February 05, 2015
For five of those years, Keita, an Associate Professor and Poet-in-Residence at Ursinus College, lived among photographs of the Frederick Douglass family on her study walls, asking questions and reading the photos for clues. Anna, who was illiterate, left no letters or speeches.
The result of the painstaking research is Brief Evidence of Heaven: Poems from the Life of Anna Murray Douglass, recently published by Whirlwind Press. She will read from the book this Feb. 22 at the Big Blue Marble Bookstore in Philadelphia’s Mt. Airy section, and has been giving readings this month, including Feb. 10 at Ursinus College. Another reading is planned for March 28 in Clinton Hill, Brooklyn.
The book is a collection of poems from the perspective of Douglass, her family, and other historical figures during a turbulent era in American history.
Anna Murray Douglass (1813-1882) was born in Denton, Md., and was the first wife of the influential writer and orator Frederick Douglass. It was the free-born Anna who encouraged and helped Douglass escape slavery. She helped support her husband and five children and in Rochester, N.Y., she established a headquarters for the Underground Railroad from her home.
“Anna Murray Douglass’s vision, intellect, financial management, love, and devotion enabled us to know the brilliant writer and inspirational figure who became Frederick Douglass,” says Keita. “She financed his escape from enslavement. She worked alongside him in the Underground Railroad Movement. She actively devoted her life to abolishing slavery and asserting Black Americans’ rights to full citizenship. Subsequent movements are all part of her legacy, whether Civil Rights, Black Power, Black Studies, Women’s Rights, Anti-Racism, or Black Lives Matter.”
Douglass is given a persona through Keita’s poetry. “Poetry is my first instinct with regard to writing,” Keita explains. “Secondly, the juxtaposition of her situation was utterly poetic: she was born free and marries a freedom-seeker. She helped him reach freedom, yet many in the abolitionist movement disrespected her. Abolition was a common passion for the Douglasses, yet its politics undermined them as a couple. Her husband was the most vibrant black writer of the 19th century and she never learned to read and write in a conventional sense. He is hailed as a women’s rights advocate but did not credit his wife’s abolitionist work in print. Among most women she encountered, black and white, she was most likely alienated. To quote the poet Lucille Clifton, Anna Murray Douglass “had no model.” The emotional nuances, complexities, and silences shaping this black woman’s unique life made poetry the only option.”
A resident of Philadelphia’s Germantown section, Keita is a widely recognized poet. Her first book of poems, Birthmarks, was published by Nightshade Press. Her work has appeared on public television, and in many poetry journals. Among several anthologies containing Keita’s work are Bum Rush the Page: A Def Poetry Jam, Beyond the Frontier: African American Poetry in the 21st Century,The Ringing Ear: Black Poets Lean South, and others. She has received grants and fellowships for community-based arts activities and has worked in collaboration with community organizations including Moonstone Arts Center, Germantown Arts Roundtable, and the Philadelphia Mural Arts Project.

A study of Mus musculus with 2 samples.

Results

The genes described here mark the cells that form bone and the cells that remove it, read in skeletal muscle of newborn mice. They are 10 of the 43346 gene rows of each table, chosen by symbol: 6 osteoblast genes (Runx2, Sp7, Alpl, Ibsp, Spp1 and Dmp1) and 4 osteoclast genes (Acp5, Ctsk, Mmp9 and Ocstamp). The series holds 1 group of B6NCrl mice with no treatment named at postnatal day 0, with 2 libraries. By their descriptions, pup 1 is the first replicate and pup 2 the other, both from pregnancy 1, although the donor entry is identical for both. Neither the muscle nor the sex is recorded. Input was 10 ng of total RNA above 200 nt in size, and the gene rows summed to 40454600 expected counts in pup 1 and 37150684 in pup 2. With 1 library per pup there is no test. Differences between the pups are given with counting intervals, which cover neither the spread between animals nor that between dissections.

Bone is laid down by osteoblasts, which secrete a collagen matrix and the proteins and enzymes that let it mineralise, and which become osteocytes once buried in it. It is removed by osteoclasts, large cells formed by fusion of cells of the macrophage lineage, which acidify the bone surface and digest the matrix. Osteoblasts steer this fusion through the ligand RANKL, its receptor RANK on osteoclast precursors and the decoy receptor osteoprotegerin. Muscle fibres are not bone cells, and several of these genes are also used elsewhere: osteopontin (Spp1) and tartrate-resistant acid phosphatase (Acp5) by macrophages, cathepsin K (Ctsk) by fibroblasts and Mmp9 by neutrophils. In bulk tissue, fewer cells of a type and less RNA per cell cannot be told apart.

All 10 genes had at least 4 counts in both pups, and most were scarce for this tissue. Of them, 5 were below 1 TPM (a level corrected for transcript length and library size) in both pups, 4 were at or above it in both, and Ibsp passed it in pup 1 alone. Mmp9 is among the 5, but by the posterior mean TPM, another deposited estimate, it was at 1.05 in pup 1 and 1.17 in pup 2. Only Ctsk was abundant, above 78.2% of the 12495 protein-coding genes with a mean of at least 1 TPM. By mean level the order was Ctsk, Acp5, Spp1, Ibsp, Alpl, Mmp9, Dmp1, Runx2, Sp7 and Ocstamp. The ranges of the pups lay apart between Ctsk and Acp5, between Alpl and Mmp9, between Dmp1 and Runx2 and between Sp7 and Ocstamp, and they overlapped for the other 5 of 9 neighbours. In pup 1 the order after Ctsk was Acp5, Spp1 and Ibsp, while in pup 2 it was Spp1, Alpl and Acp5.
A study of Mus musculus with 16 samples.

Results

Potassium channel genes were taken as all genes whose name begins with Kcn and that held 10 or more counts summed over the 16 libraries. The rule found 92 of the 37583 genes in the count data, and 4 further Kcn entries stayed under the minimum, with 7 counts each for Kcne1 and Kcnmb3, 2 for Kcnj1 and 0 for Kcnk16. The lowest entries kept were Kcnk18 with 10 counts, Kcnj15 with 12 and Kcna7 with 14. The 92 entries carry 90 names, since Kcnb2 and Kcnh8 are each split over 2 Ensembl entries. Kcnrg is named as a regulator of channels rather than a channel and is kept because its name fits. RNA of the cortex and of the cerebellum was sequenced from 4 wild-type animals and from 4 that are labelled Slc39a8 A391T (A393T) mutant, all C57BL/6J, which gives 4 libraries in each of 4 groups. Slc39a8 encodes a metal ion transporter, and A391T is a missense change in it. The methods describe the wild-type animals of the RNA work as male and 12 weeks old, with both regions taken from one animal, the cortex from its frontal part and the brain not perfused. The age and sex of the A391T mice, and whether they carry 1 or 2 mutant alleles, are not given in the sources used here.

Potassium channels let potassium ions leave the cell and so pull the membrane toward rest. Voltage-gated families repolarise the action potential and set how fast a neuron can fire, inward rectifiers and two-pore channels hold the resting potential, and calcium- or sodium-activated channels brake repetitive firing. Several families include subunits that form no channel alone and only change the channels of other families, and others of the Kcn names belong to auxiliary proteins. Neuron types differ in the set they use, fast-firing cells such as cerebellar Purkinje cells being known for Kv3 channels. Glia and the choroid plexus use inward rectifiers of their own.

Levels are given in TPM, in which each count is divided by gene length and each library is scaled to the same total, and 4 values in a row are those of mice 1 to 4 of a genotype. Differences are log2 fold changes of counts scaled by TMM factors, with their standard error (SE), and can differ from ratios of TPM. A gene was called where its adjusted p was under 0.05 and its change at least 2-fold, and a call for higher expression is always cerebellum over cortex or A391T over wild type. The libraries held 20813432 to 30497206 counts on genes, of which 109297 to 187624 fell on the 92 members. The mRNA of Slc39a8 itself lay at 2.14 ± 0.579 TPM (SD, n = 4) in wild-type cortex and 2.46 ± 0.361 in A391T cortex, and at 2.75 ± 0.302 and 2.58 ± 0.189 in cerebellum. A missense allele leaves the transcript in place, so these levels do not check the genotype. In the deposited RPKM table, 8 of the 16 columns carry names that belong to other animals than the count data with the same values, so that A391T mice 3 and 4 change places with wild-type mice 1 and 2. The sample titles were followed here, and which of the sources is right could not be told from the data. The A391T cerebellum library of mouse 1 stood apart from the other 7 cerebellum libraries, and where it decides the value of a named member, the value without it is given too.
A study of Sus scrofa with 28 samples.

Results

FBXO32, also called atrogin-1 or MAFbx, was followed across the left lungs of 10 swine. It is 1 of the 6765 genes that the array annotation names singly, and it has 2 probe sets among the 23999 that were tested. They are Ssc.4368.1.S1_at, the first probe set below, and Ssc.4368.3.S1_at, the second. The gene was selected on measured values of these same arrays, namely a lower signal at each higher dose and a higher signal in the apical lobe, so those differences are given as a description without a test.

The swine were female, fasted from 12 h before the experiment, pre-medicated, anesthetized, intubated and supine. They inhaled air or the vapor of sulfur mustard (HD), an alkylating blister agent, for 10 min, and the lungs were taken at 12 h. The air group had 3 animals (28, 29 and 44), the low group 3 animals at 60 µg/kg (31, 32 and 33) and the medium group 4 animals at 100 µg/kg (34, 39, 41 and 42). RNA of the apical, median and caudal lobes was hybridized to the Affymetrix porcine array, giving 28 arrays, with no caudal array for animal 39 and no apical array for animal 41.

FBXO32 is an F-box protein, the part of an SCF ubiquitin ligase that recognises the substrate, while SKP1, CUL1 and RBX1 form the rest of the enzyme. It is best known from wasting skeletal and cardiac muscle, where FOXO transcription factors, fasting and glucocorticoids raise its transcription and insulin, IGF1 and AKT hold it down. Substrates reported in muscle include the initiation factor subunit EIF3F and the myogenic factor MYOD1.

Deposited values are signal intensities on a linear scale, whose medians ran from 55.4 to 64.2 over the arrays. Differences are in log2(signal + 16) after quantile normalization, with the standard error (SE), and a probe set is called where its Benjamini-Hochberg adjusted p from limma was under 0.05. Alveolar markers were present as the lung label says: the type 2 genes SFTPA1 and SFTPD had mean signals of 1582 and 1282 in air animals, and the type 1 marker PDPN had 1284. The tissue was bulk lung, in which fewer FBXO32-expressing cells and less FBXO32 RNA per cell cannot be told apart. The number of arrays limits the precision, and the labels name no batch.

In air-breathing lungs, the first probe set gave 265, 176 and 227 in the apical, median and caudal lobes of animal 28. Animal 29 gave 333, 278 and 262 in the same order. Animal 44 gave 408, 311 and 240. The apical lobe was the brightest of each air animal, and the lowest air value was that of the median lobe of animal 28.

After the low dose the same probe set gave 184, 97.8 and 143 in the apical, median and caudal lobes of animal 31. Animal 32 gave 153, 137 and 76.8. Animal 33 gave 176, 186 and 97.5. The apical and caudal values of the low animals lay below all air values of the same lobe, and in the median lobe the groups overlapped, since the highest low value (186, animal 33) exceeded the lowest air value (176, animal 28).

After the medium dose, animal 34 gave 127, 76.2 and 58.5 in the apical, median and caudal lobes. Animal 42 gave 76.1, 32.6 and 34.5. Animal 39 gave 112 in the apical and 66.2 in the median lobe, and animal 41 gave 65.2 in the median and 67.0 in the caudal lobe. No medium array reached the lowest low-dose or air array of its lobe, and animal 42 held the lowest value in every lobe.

The research for Brief Evidence of Heaven was done over roughly 10 years, including two or so years of research, almost 3 years of generating raw material, and over the past 5 years, digging out poems from the raw notes, revising, and assembling. “When I started seriously pursuing this idea in 2004, I had reread Frederick Douglass’s Narrative and multi-volume biography, TheLife and Times of Frederick Douglass, so I knew he rarely mentioned her.For the next two years, I researched historical sources on him, trying to collect what I hoped would give me an indirect sense of Mrs. Douglass as historians had viewed her. That was mostly fruitless, although I found value in the startling dismissals and unsupportable judgments of Mrs. Douglass that some historians chose to print—as well as the telling silences that most perpetuated.”
She also discovered a novel, Douglass’s Women, by Jewell Parker Rhodes. “I was thrilled to read it, simply to see how another writer had envisioned Anna Murray Douglass, and –equally— to plunder the bibliography.” She considers her greatest find The Frederick Douglass Papers on the Smithsonian website, from which she gained a sense of the family, their lifestyle, and even the voice of 10-year-old daughter Annie Douglass, in a letter to her father written three months before her death. “The greatest gem in the archive was a booklet that Rosetta Douglass Sprague wrote called My Mother As I Recall Her. No one else had written about Anna Murray Douglass as a multi-dimensional human being. This book came from the oldest and only daughter who lived to adulthood, so it conveyed intimacy, not just facts.”
Reviewers are intrigued. E. Ethelbert Miller, critic and author of The Fifth Inning, wrote that the book “joins a new tradition of African American poetry.” Joanne V. Gabbin, director of the Furious Flower Poetry Center at James Madison University, wrote that that “Keita’s words drag us into a history that we think we know but are unaware of the layers of epidermis that must be scraped to get to the truth.”
Keita sees the process as validating poetry as a literary format. “Others have said that this book operates within a tradition among contemporary African-American poets in which our work turns to history to complicate, question, and reinterpret. I hope that the book provokes people to realize that poetry can operate this way: engaging other disciplines (for example, History, American Studies, Women’s Studies) while staying conscious of its own take on shape and sound.”
Currently the book is available by ordering it at firstname.lastname@example.org.